No Foreigners delivers less than it appears to offer

Hong Kong Exile and fu-GEN Theatre are presenting No Foreigners at The Cultch.

There is a whole lot of blank space in No Foreigners.

No Foreigners is extremely stylish. Unfortunately, that style is rarely theatrical.

No Foreigners is a kind of fairytale, digitally told. In it, a young Chinese-Canadian man finds out that he can inherit his grandfather’s wealth, but only if he can tell the executor of his grandfather’s will what the password is. To determine that password, he has to become “authentically” Chinese.

To connect with his roots, this Canadian-born guy immerses himself in the culture of a mall in Richmond. The mall is fantastical and informed by the tropes of Chinese culture, including pop culture, so, not only must he master several Chinese dialects, he must also become adept at all sorts of martial arts, and visit a secret basement room filled with luna moths that are reincarnations of the dead.

To create scenes, performers April Leung and Derek Chan shoot live video of miniature figurines that have articulated joints. In the audience, we can see Leung and Chan as they place, shoot, and voice these models. We can also see five small screens: it’s kind of like being in the control room of a television studio. And, on the back wall of the performance space, there’s one large screen on which the scenes play out—often complete with subtitles that provide English translations for some interactions and subtext for others.

Yes, it’s conceptually fancy. For the most part, it’s also as static as ice. Once posed, the figures don’t move. Sometimes, as we cut between shots, a new pose will appear, and there is a martial arts sequence that takes fuller advantage of this intercutting but, overall, there is precious little action or physicality.

At one point, Chan sings karaoke—in person, not just voicing a model. There he is: life-sized, made of flesh, and playing with us. What a relief it is, how unexpectedly warm and engaging it is in that one sequence to interact with a live performer.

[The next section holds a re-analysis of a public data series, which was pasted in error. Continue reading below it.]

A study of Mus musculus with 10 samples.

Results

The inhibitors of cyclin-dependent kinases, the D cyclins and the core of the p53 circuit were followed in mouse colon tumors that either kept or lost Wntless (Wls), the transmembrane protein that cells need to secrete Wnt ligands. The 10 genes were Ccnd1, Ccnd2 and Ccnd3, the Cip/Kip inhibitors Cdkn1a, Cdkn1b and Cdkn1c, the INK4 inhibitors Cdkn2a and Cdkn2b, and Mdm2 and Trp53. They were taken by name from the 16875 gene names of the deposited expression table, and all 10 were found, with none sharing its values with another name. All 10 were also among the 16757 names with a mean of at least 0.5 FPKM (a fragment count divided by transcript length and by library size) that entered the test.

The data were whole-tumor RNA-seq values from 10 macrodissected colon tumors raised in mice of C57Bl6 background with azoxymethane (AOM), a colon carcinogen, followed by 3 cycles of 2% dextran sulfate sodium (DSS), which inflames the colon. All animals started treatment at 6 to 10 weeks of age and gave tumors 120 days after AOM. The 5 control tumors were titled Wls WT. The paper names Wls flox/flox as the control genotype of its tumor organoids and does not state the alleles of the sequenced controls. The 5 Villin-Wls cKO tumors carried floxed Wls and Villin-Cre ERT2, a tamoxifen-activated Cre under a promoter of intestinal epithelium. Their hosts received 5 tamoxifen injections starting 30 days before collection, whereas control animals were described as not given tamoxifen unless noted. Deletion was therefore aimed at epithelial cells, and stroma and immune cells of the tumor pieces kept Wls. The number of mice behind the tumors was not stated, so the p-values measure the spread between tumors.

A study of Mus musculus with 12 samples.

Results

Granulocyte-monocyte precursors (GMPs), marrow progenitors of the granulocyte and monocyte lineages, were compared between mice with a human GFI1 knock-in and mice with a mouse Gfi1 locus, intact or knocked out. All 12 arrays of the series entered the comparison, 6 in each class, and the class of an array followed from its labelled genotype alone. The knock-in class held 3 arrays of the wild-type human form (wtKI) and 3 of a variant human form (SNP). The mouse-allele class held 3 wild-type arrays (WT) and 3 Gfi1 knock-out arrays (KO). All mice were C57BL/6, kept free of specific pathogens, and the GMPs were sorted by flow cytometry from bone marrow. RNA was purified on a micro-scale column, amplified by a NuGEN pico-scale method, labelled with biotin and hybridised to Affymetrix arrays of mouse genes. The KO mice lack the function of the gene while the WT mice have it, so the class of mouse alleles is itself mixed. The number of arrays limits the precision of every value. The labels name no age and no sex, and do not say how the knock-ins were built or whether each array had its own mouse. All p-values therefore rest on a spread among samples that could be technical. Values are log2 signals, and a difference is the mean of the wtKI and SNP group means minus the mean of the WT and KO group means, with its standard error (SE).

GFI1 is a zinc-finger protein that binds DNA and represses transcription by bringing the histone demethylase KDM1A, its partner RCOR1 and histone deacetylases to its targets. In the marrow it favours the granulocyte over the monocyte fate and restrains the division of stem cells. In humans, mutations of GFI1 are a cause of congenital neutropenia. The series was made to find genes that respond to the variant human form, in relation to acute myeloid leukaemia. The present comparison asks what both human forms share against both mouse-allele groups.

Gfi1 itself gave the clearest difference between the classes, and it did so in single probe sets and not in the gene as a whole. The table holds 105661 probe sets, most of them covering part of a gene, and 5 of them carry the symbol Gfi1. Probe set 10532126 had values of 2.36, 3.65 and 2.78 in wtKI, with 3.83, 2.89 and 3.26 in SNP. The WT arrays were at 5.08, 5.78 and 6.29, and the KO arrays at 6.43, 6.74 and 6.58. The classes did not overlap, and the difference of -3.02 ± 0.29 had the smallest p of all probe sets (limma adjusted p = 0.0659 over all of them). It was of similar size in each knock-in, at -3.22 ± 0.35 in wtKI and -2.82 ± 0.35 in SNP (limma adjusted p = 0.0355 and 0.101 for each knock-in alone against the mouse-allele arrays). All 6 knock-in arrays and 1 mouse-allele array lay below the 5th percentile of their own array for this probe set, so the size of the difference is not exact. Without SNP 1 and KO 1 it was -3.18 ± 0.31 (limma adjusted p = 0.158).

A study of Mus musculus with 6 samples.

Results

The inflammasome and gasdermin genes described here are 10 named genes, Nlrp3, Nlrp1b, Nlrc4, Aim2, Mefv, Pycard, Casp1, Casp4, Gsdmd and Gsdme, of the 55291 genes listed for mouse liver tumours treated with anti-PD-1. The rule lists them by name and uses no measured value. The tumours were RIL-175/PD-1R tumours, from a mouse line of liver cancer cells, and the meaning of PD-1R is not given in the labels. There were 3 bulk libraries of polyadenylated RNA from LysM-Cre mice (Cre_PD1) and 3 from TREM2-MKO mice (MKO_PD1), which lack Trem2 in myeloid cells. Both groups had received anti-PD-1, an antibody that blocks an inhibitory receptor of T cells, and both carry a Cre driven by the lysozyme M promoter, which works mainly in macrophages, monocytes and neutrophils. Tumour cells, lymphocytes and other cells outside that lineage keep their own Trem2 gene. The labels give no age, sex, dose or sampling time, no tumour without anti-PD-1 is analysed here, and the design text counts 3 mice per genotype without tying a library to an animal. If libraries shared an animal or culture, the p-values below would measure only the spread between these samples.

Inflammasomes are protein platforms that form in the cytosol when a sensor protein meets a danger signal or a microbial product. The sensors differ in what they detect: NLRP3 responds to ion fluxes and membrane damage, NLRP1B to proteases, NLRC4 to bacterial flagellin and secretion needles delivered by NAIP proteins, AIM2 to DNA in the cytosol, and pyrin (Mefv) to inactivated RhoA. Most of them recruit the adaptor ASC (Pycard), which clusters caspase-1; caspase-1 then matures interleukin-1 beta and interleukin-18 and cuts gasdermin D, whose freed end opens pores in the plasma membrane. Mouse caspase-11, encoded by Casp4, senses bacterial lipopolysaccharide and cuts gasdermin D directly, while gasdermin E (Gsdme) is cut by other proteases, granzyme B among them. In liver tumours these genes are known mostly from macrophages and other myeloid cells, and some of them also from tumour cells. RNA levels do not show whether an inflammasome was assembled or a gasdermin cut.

The generally alienating form of No Foreigners does not support compelling content. Although the text sets up a classic story structure—the hero must overcome obstacles to get to the gold—it loses that focus almost immediately and gets lost in tangents. There’s a scene, for instance, between a married couple who run an electronics store in the mall. The scene itself is clever—the husband has figured out a goofy scam to lure more customers onto the premises—but the conversation does sweet nothing to advance the protagonist’s story. (Yes, I’m a white guy. No, No Foreigners does not speak directly to my experience. Yes, I checked in with a friend of colour in the audience. She expressed similar frustrations.)

Don’t get me wrong: I’m not saying that No Foreigners isn’t sophisticated in many ways, because it is. The text, which was written by David Yee, acknowledges, for instance, that the hero is longing for a cultural identity that he can never fully inhabit. And there’s a stroke of real beauty in Milton Lim and Remy Siu’s projection design, a leitmotif of coloured squares that focus the imagery, by appearing behind characters’ heads, for instance.

But No Foreigners gets trapped in its technology and its ideas. Unlike Empire of the Son, which also uses miniatures and live video to tell its story, No Foreigners loses track of its heart.

NO FOREIGNERS Created by Hong Kong Exile and fu-GEN Theatre. Project lead Milton Lim. Produced in association with Theatre Conspiracy. At the Vancity Culture Lab on Thursday, February 8. Continues until February 17.


Colin Thomas is a Vancouver-based editor, an award-winning playwright, and an established theatre critic. Colin helps writers unlock the full potential of their novels, short stories, screenplays, and children's books.